Today, INRIX released its 2021 Global Traffic Scorecard, providing new insights into changing travel patterns resulting from the supply chain disruption, Delta variant, vaccine rollouts, fuel price increases and resuming social and event gatherings.

In short, the Scorecard reveals a significant rebound in traffic, though not as bad as 2019. London topped the global list this year at 148 hours, coming in just shy of the 149 hours drivers spent in congestion pre-COVID. Paris follows at 140 hours, while Brussels rounds out to the top 3 at 134 hours. In general, rebounding economies across much of North America and Europe have driven the increase in traffic over last year.

That’s especially true in London, which has seen a significant recovery from COVID-19, resulting in a significant boost to travel demand.

New York, the most congested urban area in the U.S., clocks in at 102 hours lost per driver, down -27% from 2019 levels. Only a few urban areas exceeded 2019 levels of traffic, notably Las Vegas, NV. I-15 has been significantly congested, somewhat based on an influx from tourism from California to Nevada. The Las Vegas Convention and Visitor’s Authority states volumes of cars crossing the CA-NV Border are up 11% over pre-COVID levels, despite airlines seeing a moderate decline in passengers. Transportation officials are also adding strategic capacity and retrofitting current infrastructure for safety, yet temporarily adding to backups.

Telecommuting has continued to its hold as a major commute mode. Prior to the pandemic, the U.S. had a telecommuting mode share of 5.7%. Remote working has continued to grow year over year, ultimately surpassing transit as the third highest commute mode share.

Yet just a week ago, the Census Bureau went a step further and released their 2020 estimates on November 30, 2021. They urged caution on the results, as Census data collections were hampered significantly due to the COVID-19 pandemic.

But Demographers wasted no time in analyzing the latest data provided by the Census. One demographer, Wendell Cox, estimated Working from Home reached an 18.7% commute mode share nationwide, a 212% change in commuting to the living room/home office. While all other modes to work decreased,  unsurprisingly transit – which tends to serves commuters – fell the most with a -42.8% drop.

Using those same assumptions, he estimated the following work from home shares by state as well.


Unsurprisingly, coastal states (excluding Alaska and Hawaii) tended to have the largest working from share, as they are home to largest cities and Central Business Districts. Washington DC had the highest work from home commute share at 46.6%, contributing significantly to its 65% reduction in delay compared to 2019. DC telecommuting rates are high due to local economy, large government presence and the small size of the city/district proper. The South and Midwest tended to have fewer people working from home than coastal states

And the trend may continue. Recent studies have suggested that nearly 1 in 4 workdays will be performed at home post-pandemic, up from 1 in 20 pre-pandemic, which will result to changes on the roadway. INRIX noted this trend early on based on our traffic signal data. In Atlanta, for example, year over year crossings at intersections decreased by -26% during the morning commute period but fell just -8% during the mid-day period. This change in travel behavior has remained constant throughout the pandemic, suggesting travel shifting away from work-related trips toward other trip purposes, like recreational and retail shopping.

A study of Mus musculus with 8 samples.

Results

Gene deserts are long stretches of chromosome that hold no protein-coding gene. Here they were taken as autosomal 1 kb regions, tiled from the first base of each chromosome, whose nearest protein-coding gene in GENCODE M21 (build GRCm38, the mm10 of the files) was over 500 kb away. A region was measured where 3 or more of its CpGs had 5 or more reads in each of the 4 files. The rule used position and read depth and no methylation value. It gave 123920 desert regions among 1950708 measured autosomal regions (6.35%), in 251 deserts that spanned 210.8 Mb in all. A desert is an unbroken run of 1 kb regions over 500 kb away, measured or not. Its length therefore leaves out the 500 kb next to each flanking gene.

Telecommuting trends will stick even post-pandemic. While congestion will continue to build on our roadways, travel patterns will continue to evolve and require flexibility on the part of the public, employers and transportation officials to maximize our infrastructure and keep people moving. Transportation agencies played a key role during the pandemic – often taking advantage of lower-than-average traffic volumes to attack much needed maintenance and preservation.

Though drivers are probably a little happy that congestion is not as bad as before COVID-19, the larger concern about safety should raise alarms. Traffic fatality rates continued their trend during the pandemic. While many countries in Western Europe reported fewer fatalities on streets and motorways, early estimates from the U.S. National Highway Traffic Safety Administration show that January to June 2021 recorded the largest six month fatality increase in history, an 18.4% jump over 2020. They site behavioral research that indicates increases in speeding and traveling without using a seatbelt as potential incidents that have led to higher injury rates.

Into 2022, there lies enormous opportunity to improve our transportation system, especially with recent increases in infrastructure spending. Whether through technology, road redesign, repair or maintenance, reducing lives lost to traffic crashes and incidents should be top priority. Though telecommuting may have provided some much needed congestion relief on our roads, serious injuries and fatalities are hurting communities across the country.